Sunday, April 4, 2010

Bodily Harm by Robert Dugoni

David Sloane, the lawyer-who-never-loses, has just brought to completion a medical malpractice suit against a local Seattle pediatrician for the wrongful death of a six-year-old boy. Just as he's rushing into the courthouse to hear the verdict, however, he's stopped in the street by an unkempt, grungy twenty-something kid who thrusts a folder at him and tells him, "The doctor did not kill that boy...I did." With no reason to take the young man seriously, and no time to do so even if he did, Sloane rushes into court to receive yet another winning verdict.

Mere pages later we're thrust into the cutthroat world of the toy industry. Kendall Toys of Seattle has a new CEO, who has been recently annointed by the dying Sebastian Kendall, last of the toy dynasty's blood line. Malcolm Fitzgerald is up against a board in turmoil, cash flow problems, and a buy out offer from a rival toy firm. Luckily, he has an ace: Metamorphis, an amazing toy that trumps Transformers by allowing the child to design and execute the toy's transformations. Fitzgerald thinks Kendall has found, in Metamorphis, its holy grail, its Tickle Me Elmo, its Cabbage Patch Kid, the toy which--if they can get it into production quickly enough and price it just right--will be the one that has the kids clamoring and the parents scrambling to buy this holiday season. But there have been problems with the prototype, and in order to make the toy cheaply enough to price it affordably production has been farmed overseas, to the unregulated factories of China.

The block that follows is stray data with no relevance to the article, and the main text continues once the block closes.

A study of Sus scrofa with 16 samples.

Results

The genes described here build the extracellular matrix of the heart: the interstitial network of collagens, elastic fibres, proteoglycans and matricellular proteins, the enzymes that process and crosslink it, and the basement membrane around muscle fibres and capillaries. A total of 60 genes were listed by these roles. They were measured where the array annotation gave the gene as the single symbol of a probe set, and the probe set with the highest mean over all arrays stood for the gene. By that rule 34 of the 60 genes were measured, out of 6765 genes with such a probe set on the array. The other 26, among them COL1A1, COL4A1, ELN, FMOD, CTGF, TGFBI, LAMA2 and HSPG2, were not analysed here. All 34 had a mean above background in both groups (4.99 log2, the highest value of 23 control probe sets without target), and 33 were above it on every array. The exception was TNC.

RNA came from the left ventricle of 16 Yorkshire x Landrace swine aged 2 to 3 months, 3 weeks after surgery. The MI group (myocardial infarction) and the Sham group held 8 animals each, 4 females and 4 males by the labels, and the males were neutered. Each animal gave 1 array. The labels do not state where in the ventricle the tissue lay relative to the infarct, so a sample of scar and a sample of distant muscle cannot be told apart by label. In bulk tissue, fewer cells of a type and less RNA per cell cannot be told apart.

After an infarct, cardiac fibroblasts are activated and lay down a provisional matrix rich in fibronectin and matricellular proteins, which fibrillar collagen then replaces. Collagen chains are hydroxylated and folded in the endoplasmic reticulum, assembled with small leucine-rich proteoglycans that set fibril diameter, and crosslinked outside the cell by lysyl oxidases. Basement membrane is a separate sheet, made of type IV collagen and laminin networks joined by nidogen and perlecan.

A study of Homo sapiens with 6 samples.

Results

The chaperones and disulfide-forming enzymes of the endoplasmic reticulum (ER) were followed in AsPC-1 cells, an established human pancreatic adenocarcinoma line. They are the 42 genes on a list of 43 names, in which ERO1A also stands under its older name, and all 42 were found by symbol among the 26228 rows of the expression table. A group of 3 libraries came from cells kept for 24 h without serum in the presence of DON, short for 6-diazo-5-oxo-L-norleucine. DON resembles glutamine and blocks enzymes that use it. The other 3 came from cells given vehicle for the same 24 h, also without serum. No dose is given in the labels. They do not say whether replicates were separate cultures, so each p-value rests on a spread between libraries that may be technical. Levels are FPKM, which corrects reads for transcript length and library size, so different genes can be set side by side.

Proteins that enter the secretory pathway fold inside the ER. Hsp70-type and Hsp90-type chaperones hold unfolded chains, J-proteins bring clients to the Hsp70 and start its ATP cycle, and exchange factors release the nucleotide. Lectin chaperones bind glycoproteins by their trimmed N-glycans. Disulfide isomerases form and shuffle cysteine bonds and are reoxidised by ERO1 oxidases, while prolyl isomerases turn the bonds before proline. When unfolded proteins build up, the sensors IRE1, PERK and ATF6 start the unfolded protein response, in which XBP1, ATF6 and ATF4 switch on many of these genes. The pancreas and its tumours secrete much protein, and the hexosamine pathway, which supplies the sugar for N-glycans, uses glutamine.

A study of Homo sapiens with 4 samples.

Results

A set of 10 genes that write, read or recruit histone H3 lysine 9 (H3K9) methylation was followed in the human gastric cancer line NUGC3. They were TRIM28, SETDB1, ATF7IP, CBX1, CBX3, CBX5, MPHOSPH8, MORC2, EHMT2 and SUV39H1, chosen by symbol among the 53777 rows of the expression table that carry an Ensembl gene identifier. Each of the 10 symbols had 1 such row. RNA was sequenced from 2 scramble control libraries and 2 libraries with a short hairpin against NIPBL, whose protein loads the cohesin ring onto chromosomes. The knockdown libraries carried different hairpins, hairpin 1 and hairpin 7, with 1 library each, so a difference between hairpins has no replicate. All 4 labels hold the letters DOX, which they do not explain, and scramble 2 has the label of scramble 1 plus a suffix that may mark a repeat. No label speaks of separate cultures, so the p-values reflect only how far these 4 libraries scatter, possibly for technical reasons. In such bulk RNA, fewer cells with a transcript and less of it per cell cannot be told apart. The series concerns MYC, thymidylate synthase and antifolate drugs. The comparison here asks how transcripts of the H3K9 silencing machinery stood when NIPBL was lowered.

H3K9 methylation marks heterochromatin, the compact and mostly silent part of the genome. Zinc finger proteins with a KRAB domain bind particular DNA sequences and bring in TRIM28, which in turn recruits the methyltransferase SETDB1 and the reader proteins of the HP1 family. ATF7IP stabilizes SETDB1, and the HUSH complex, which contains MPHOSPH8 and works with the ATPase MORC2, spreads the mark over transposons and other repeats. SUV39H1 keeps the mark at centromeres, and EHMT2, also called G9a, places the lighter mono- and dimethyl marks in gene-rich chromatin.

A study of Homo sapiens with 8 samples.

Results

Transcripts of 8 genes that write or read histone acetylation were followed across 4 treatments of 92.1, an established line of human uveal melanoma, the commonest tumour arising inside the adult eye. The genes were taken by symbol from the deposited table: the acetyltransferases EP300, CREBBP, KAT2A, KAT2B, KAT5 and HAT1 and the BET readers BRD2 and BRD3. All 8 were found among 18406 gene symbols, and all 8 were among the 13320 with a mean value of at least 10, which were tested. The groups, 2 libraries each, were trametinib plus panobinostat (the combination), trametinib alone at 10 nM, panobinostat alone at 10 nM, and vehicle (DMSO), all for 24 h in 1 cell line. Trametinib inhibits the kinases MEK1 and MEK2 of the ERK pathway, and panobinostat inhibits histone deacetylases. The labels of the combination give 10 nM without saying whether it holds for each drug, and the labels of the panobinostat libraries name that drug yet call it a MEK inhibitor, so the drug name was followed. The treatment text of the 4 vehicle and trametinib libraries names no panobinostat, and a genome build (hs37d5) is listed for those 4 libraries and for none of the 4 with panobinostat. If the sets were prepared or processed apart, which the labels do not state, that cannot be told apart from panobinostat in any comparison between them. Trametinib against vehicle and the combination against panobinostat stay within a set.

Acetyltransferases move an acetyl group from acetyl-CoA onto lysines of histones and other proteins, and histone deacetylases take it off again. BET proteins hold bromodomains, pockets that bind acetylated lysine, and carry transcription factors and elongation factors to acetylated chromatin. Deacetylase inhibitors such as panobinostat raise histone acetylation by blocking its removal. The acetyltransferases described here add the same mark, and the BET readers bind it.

Robert Dugoni has been honing his skills with his previous three novels, and with Bodily Harm has become a true master of the legal thriller. His pacing is perfect, fast enough to keep the reader on the edge of the seat, but still thoughtful and intelligent. The courtroom scenes are believable--and there aren't overly many of them. His characters are well-developed, and even the secondary characters are believable and sympathetic, and we read breathlessly as the several different plotlines--including Sloane's moving personal story--come together for a satisfying resolution.


Try the works of John Lescroat. His series of legal thrillers featuring Dismas Hardy--the most recent of which is A Plague of Secrets --is intelligent and riveting. If you like your heroes to have a bit more moral ambiguity, try James Grippando's Jack Swyteck series, beginning with The Pardon .

Disclosure: In accordance with new FTC guidelines for bloggers I must let you know that I received a free review copy of this title.  My reviews are just that: reviews.  They are not endorsements, nor am I ever compensated for posting my opinion.  I am, however, an Amazon affiliate, which means that if you make a purchase from Amazon after clicking through a link on my site--even if you don't buy a title to which I've linked!--I will receive a small commission.